A few weeks ago, I ran the Rodeo Valley Trail 50k, with Inside Trail, one of the racing groups here in San Francisco. We ran up in Marin, just north of San Francisco; Marin is famous for beautiful and challenging single-track trails with arresting ocean views, and many of the races I’ve run have been up there. It was a perfect day – started at 50*F, finished at 70*F, and was the right combination of overcast and sunny.
This one was a little different – due to some previous weather, some of the trails that were part of the course were closed. Our 50k race would actually end up being a little closer to 52k with the adjustments.
The week before the race, I’d planned to take it fairly seriously – I had every intention of tapering my exercise, eating well, and getting lots of sleep. I accomplished zero of those three things, so showed up to the start line with no expectations.
As we lined up to start, I looked at the field of women just to see who was up front – fast women are inspiring. There were a number of women who looked quite speedy.
When the race started, one woman took off – I never saw her again. There were a few of us who clustered together for the first mile or so.
However, when we hit the first hill, I let the other women pull ahead. In what is somewhat a superpower, but also a bit of a psychological block, after ten years of ultrarunning I’m really good at judging how fast I can move up a hill without burning out too early. It’s great because it helps me pace, but not as great because in shorter distances, I revert to this slower pace when I could probably push harder. In this case, the pace these other ladies were setting was too fast for me so early in the race. I settled in for the climb.
At some point during this climb, I realized famous ultrarunner Dean Karnazes was right behind me. I had a moment of excitement when I realized that I was running a race faster than Dean Karnazes. He passed me right before one of the aid stations during this stretch, and I thought that he’d be gone – but then I left the aid station before he did, and stayed ahead of him for the rest of the race!
And after the first aid station, the terrain switched to rolling single-track. I picked up a bit of speed, and caught up to another runner – Jill – who was training for a longer race in the fall. She and I ran several miles of the first lap together.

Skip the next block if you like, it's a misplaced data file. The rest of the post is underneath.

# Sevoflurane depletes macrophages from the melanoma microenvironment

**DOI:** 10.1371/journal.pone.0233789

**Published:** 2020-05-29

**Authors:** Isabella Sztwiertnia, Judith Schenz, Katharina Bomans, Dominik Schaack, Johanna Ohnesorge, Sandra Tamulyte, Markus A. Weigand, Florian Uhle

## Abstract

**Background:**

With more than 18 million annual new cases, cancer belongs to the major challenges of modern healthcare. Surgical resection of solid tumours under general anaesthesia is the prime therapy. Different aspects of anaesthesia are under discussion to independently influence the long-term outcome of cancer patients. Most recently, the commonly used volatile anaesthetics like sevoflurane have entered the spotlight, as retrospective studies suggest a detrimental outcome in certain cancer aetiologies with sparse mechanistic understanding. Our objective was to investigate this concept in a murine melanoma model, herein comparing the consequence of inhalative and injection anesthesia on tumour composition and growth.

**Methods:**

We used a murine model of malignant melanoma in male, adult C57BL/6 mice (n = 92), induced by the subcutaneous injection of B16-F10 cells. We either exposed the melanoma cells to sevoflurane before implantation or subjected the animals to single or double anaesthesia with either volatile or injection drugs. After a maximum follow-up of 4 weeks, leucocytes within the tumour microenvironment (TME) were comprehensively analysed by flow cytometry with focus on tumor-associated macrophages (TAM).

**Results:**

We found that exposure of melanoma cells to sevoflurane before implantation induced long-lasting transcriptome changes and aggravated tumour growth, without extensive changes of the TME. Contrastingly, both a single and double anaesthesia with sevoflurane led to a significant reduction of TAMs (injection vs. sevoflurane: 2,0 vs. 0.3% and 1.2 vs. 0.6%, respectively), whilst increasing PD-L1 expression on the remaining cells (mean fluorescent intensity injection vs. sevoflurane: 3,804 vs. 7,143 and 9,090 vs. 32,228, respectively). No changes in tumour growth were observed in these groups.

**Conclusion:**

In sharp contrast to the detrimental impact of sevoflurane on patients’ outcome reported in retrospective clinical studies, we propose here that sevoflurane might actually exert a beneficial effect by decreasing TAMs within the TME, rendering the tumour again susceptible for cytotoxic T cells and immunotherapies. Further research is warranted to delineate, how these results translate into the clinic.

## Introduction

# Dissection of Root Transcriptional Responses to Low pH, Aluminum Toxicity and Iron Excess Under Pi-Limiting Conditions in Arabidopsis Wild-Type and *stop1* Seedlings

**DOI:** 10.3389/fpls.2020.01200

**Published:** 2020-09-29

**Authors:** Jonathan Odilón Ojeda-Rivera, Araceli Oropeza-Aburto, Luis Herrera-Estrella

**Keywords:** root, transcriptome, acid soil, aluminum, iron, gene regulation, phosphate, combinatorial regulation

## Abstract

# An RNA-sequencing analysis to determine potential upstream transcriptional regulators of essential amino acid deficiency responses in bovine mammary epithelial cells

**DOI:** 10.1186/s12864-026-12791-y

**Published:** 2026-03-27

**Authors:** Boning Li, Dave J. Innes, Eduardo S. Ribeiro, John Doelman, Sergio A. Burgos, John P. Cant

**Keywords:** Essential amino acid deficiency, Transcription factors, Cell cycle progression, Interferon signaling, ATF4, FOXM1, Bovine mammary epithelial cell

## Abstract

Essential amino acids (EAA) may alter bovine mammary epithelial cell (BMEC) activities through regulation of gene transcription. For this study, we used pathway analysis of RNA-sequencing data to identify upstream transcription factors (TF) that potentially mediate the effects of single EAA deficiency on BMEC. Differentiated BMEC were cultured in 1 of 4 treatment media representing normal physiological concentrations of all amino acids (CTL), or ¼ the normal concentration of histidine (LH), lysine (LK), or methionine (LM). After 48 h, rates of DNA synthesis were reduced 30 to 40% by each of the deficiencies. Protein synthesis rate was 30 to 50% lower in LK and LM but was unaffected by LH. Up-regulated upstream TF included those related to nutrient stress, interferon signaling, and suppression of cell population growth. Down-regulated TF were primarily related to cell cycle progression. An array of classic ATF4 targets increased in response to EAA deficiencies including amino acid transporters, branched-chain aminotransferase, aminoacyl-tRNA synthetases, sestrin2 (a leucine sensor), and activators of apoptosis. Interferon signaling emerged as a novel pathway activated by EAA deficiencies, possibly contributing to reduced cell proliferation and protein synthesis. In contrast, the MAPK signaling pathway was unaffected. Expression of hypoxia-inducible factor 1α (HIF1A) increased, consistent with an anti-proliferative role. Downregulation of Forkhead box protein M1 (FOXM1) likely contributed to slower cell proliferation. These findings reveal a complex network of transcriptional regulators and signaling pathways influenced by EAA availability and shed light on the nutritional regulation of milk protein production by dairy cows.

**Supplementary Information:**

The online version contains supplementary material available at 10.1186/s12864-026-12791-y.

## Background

When we got to the 20-mile aid station at the start-finish, I stopped to refill my water bottle, and Jill kept going. I knew I would probably lose her on the hill again (yes, we had to do that first one twice), so I let her go.
The second time around, the hill was a little harder. I took a few walk breaks, using a Galloway-method-like technique I learned from Badwater Mike. I would run for 100 breaths, then walk for 20, then repeat. If I could run for more than 100 breaths because the terrain wasn’t very steep, I would do that, and if I could walk for less than 20, then I would do that too. I could see Jill and Mallory (who had passed me on the first hill) ahead, but not close enough to try to sprint to catch them.
At the top of the hill was the final aid station, about seven miles from the finish line. Mallory and Jill were both refilling water bottles and grabbing some snacks.
I didn’t know where we fell in the pack – how many women were in front of us or behind us – but it seemed not unreasonable that I might be able to stay ahead of the two of them for the next seven miles, since I’d been slowly catching up on the climb.
I refueled very quickly and headed out for the last 7 miles.
The last 7 miles were a sprint. An old boss of mine – a marathon runner – introduced me to the concept of not leaving anything in the tank during the last part of a race – and these miles were that. I flew down the downhills and charged up the uphills.
I had significant anxiety during this stretch about the actual course, as the second loop had a shortcut that we were supposed to take, and hadn’t taken during the first lap. I was constantly on the lookout for turn instructions. There weren’t a lot of other runners to follow (a lot of runners had done just the 30k), so this part of the course was not busy. At various intersections, I asked several random hikers if they’d seen other people racing, and responses were mixed. This was a little nerve-wracking, because I knew if I missed a turn, one of the other girls would definitely pass me.
The last half mile is a downhill to a beach, with great ocean views. I flew down it and headed straight to the finish line. I finished in 5:49ish. Not bad for a very hilly course!
I checked the results table and found out I’d come in 3rd. The first place woman was about an hour ahead of me, and the 2nd place woman was about 30 minutes ahead of me. I was pretty excited – if I hadn’t pushed it in the last few miles, I wouldn’t have placed. I grabbed my trophy and waited for the other girls to roll in.
Mallory arrived first – which was strange, since she had been behind Jill for most of it. A few minutes later Jill showed up – she’d missed a turn (what I had feared!) and added 1-2 miles to the overall length of the course.
The three of us hung out for a bit at the finish line and exchanged numbers before I took off for home.
A few days later, I was checking the results to get my exact time – and found that I’d actually come in 2nd! The woman who was listed as 2nd originally had dropped down to the 30k, but in the moment the results hadn’t updated to reflect that yet. So this was very cool! (I’m still waiting on the 2nd place trophy though – Mallory, if you’re reading this, I’ll send you the 3rd place one! )
Overall, this was a fun day. I ran unexpectedly fast, which felt really good, because I have been training pretty hard for a few upcoming races.